Dr Amy Fitzgerald

Doctoral Practitioner
MSc Sustainable Development; LLB (Hons) Law

Academic and research departments

Centre for Environment and Sustainability.


My research project


In the media

EcoComp Conference 2019
Speaker profiles for EcoComp Conference 2019


Amy M. Fitzgerald, Nathan Wong, Annabel V.L. Fitzgerald, David A Jesson, Ffion Martin, Richard J. Murphy, Tim Young, Ian Hamerton, Marco L Longana (2022)Life Cycle Assessment of the High Performance Discontinuous Fibre (HiPerDiF) Technology and Its Operation in Various Countries, In: Sustainability14(3)1922 MDPI

Composite waste is a growing issue due to the increased global demand for products manufactured from these advanced engineering materials. Current reclamation methods produce short length fibres that, if not realigned during remanufacture, result in low-value additives for non-structural applications. Consequently, to maximise the economic and functional potential, fibre realignment must occur. The High Performance Discontinuous Fibre (HiPerDiF) technology is a novel process that produces highly aligned discontinuous fibre-reinforced composites, which largely meet the structural performance of virgin fibres, but to date, the environmental performance of the machine is yet to be quantified. This study assessed the environmental impacts of the operation of the machine using life cycle assessment methodology. Electrical energy consumption accounts for the majority of the greenhouse gas emissions, with water consumption as the main contributor to ecosystem quality damage. Suggestions have been made to reduce energy demand and reuse the water in order to reduce the overall environmental impact. The hypothetical operation of the machine across different European countries was also examined to understand the impacts associated with bulk material transport and electricity from different energy sources. It was observed that the environmental impact showed an inverse correlation with the increased use of renewable sources for electricity generation due to a reduction in air pollutants from fossil fuel combustion. The analysis also revealed that significant reductions in environmental damage from material transport between the reclamation facility to the remanufacturing site should also be accounted for, and concluded that transportation routes predominantly via shipping have a lower environmental impact than road and rail haulage. This study is one of the first attempts to evaluate the environmental impact of this new technology at early conceptual development and to assess how it would operate in a European scenario.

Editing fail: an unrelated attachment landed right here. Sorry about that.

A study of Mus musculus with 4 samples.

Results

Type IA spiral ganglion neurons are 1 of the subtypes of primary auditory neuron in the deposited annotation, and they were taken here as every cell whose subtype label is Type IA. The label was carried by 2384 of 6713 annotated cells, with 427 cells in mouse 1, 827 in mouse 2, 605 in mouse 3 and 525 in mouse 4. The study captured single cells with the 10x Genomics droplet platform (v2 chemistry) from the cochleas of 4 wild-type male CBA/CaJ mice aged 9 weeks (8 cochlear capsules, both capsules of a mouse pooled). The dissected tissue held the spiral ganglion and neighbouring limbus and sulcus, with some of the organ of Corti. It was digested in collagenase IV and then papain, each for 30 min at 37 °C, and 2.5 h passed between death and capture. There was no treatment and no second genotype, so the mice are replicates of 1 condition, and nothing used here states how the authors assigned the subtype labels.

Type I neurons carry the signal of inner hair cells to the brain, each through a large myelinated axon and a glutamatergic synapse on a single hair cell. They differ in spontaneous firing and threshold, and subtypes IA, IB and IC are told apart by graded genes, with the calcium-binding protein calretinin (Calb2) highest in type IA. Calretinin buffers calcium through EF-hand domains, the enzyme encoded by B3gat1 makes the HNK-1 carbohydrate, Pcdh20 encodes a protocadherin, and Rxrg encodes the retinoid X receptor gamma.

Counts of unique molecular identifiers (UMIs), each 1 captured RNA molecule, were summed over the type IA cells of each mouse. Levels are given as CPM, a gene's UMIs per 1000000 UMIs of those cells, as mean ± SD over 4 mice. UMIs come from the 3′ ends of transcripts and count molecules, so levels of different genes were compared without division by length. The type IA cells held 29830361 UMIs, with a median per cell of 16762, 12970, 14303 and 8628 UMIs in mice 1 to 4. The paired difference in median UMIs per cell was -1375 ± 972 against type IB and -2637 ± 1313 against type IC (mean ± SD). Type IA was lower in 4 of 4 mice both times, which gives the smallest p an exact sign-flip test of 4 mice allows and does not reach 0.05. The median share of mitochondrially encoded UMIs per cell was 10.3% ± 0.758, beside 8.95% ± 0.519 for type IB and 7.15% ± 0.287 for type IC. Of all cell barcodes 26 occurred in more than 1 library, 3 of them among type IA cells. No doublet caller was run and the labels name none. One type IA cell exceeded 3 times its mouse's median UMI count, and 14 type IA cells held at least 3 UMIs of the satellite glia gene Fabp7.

Amy Fitzgerald, Will Proud, Ali Kandemir, Richard J. Murphy, David A. Jesson, Richard S. Trask, Ian Hamerton, Marco L. Longana (2021)A life cycle engineering perspective on biocomposites as a solution for a sustainable recovery, In: Sustainability (Basel, Switzerland)13(3)pp. 1-25 Mdpi

Composite materials, such as carbon fibre reinforced epoxies, provide more efficient structures than conventional materials through light-weighting, but the associated high energy demand during production can be extremely detrimental to the environment. Biocomposites are an emerging material class with the potential to reduce a product's through-life environmental impact relative to wholly synthetic composites. As with most materials, there are challenges and opportunities with the adoption of biocomposites at the each stage of the life cycle. Life Cycle Engineering is a readily available tool enabling the qualification of a product's performance, and environmental and financial impact, which can be incorporated in the conceptual development phase. Designers and engineers are beginning to actively include the environment in their workflow, allowing them to play a significant role in future sustainability strategies. This review will introduce Life Cycle Engineering and outline how the concept can offer support in the Design for the Environment, followed by a discussion of the advantages and disadvantages of biocomposites throughout their life cycle.